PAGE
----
Minnesota's law against disorderly conduct criminalizes a variety of different behaviors, including fighting, yelling obscenities, and upsetting meetings. Laws against disorderly conduct, sometimes called disturbing the peace or breach of the peace, can vary from state to state and many municipalities also have their own regulations. However, the general goal of disorderly conduct laws is to prohibit behavior that is likely to upset or annoy others, or disturb the peace and quiet of the community.
For more general information on the crime of disorderly conduct, see Disorderly Conduct Laws and Penalties.
In Minnesota, a person commits the crime of disorderly conduct by:
In order to secure a conviction, the prosecutor must show that the defendant had reason to know that the act would upset, anger, or disturb others, or provoke a violent reaction. Minnesota's lawmakers have specifically exempted conduct caused by an epileptic seizure. Disorderly conduct is punished more severely if the victim is a vulnerable adult and the defendant is a caregiver. (Minn. Stat. § 609.72.)
For example, getting into someone's face and saying something profane could result in a disorderly conduct conviction. However, context matters. What might be considered offensive or obscene in a church – such as yelling a curse word – may be perfectly acceptable in a raucous bar.
People convicted under Minnesota's disorderly conduct law have argued that it is so vague and broad that it infringes on the First Amendment right to free speech under the United States Constitution. Generally, courts have rejected these claims.
Almost all states have laws against riot and unlawful assembly. Under Minnesota's laws, a riot is three or more people gathered together to use or threaten force, violence, or property damage. Riot is punished more severely if anyone is armed with a deadly weapon or if someone dies as a result of the riot.
Unlawful assembly is a gathering of three or more people:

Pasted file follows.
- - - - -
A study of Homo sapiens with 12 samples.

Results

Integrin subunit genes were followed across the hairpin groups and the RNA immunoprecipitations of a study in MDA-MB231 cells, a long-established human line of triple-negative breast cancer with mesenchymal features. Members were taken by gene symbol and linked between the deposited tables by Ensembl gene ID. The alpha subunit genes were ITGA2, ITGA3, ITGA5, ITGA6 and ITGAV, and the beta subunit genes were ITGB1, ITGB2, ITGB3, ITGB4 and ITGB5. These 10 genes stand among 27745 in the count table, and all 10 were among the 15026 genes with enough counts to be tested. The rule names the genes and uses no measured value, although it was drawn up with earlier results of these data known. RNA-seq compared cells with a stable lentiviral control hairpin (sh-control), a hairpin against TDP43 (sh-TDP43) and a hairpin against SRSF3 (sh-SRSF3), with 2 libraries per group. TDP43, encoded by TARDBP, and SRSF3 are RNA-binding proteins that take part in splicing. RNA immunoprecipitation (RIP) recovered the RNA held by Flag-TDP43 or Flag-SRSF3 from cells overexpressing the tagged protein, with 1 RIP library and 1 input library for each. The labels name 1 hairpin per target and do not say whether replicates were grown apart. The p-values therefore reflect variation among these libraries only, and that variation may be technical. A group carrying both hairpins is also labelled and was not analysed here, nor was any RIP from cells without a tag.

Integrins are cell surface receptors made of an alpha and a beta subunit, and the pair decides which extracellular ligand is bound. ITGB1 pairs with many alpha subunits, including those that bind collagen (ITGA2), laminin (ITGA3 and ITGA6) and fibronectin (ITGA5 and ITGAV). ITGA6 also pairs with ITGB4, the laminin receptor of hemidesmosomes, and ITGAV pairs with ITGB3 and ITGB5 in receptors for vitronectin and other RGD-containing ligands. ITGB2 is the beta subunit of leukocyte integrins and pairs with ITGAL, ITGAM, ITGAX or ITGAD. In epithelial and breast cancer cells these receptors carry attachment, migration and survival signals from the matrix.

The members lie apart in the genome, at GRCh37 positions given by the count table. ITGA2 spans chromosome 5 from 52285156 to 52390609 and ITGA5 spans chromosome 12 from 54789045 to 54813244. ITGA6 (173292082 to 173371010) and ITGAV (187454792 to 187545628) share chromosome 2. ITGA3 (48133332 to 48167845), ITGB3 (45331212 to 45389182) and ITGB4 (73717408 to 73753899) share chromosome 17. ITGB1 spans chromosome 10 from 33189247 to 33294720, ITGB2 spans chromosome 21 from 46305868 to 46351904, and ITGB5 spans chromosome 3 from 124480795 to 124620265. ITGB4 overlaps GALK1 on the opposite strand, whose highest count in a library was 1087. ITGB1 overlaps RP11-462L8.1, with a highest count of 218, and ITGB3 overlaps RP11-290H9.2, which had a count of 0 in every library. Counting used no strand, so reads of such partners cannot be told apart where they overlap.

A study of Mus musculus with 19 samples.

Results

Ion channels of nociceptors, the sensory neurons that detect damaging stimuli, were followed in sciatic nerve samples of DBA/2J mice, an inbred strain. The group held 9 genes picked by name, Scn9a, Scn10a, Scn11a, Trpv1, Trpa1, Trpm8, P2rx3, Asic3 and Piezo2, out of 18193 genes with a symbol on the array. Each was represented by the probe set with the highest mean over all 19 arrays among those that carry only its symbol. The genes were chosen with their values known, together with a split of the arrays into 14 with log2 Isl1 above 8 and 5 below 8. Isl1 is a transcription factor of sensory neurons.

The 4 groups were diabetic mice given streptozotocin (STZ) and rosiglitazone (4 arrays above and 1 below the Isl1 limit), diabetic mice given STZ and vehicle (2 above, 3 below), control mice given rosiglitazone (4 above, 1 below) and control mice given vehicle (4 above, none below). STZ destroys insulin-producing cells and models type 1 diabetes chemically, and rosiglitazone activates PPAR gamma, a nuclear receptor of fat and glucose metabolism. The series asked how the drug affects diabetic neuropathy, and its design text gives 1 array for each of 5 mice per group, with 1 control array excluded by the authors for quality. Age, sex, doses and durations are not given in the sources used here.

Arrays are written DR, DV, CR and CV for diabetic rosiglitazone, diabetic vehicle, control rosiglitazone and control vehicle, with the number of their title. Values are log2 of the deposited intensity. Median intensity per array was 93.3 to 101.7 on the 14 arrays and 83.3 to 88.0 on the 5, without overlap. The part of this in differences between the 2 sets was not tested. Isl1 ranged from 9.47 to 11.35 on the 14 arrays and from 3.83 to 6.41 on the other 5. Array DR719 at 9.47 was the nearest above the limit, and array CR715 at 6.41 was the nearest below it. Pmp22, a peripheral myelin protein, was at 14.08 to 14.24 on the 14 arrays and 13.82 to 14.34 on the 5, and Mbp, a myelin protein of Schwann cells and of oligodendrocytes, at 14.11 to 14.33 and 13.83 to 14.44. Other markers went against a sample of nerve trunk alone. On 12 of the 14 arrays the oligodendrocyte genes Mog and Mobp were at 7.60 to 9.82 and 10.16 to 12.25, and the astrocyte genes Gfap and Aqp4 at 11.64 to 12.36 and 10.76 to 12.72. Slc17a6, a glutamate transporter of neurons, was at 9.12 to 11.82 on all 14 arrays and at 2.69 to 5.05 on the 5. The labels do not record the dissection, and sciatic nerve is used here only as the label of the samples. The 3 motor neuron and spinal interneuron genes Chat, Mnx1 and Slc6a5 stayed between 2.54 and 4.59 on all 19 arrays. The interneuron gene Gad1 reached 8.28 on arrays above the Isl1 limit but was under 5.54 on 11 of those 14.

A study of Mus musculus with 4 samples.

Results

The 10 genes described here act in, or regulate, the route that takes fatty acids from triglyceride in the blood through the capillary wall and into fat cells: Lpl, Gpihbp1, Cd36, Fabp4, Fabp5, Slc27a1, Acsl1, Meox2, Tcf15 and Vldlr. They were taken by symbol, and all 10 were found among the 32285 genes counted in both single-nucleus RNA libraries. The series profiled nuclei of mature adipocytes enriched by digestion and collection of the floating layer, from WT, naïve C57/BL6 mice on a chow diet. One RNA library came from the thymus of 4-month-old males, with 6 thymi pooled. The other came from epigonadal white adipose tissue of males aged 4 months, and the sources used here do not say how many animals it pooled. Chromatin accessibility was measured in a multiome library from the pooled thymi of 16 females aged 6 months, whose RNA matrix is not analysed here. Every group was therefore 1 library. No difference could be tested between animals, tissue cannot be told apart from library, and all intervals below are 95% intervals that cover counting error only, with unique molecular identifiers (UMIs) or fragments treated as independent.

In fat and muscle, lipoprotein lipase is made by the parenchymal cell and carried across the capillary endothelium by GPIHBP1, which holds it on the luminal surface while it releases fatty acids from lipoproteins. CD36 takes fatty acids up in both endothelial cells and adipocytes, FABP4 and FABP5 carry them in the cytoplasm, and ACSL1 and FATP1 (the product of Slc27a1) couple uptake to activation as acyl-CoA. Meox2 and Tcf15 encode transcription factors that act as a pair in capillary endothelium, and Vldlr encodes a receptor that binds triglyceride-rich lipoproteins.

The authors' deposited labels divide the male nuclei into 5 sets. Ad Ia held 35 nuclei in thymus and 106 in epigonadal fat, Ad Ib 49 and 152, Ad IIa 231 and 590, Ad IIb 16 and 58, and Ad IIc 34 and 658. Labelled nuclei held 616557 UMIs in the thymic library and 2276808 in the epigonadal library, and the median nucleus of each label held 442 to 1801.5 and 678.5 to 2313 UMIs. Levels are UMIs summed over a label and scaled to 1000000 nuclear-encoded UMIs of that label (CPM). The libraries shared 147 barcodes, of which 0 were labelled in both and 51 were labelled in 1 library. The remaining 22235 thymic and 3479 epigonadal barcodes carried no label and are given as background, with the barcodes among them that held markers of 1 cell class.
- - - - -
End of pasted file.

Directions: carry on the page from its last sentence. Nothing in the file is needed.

It is also a crime in Minnesota to refuse to leave an unlawful assembly. For example, a group of twenty protestors at a national political rally who approached the police with their faces obscured, and yelled obscenities and insults, could be prosecuted for unlawful assembly and riot.
(Minn. Stat. § § 609.705, 609.71, 609.715.)
In Minnesota, public intoxication is not a crime.
For more information, see Minnesota Public Intoxication Laws.
Disorderly conduct is a misdemeanor, punishable by up to six months in jail or a fine up to $1,000, or both. Disorderly conduct by a caregiver of a vulnerable adult is punishable by up to one year in jail, a fine of not more than $3,000, or both.
Unlawful assembly and refusing to disperse from an unlawful assembly are also misdemeanors, punishable by up to six months in jail or a fine up to $1,000, or both. Riot is punishable by up to one year in jail, a fine of up to $1,000, or both. Anyone who is armed with a deadly weapon or knows that another rioter is armed can be convicted of a felony, punishable by up to five years in prison, or a fine of not more than $10,000, or both. If someone dies, anyone who is armed can be sentenced up to 20 years' imprisonment, a fine of not more than $35,000, or both.
(Minn. Stat. § § 609.705, 609.71, 609.715, 609.72.)
Any criminal conviction, even one based on seemingly innocent horseplay or righteous political activism, can result in serious and lasting consequences. If you are charged with disorderly conduct or participating in a riot or unlawful assembly, you should contact a Minnesota criminal defense attorney. An attorney can tell you what to expect in court and how to prepare your case to obtain the best possible outcome.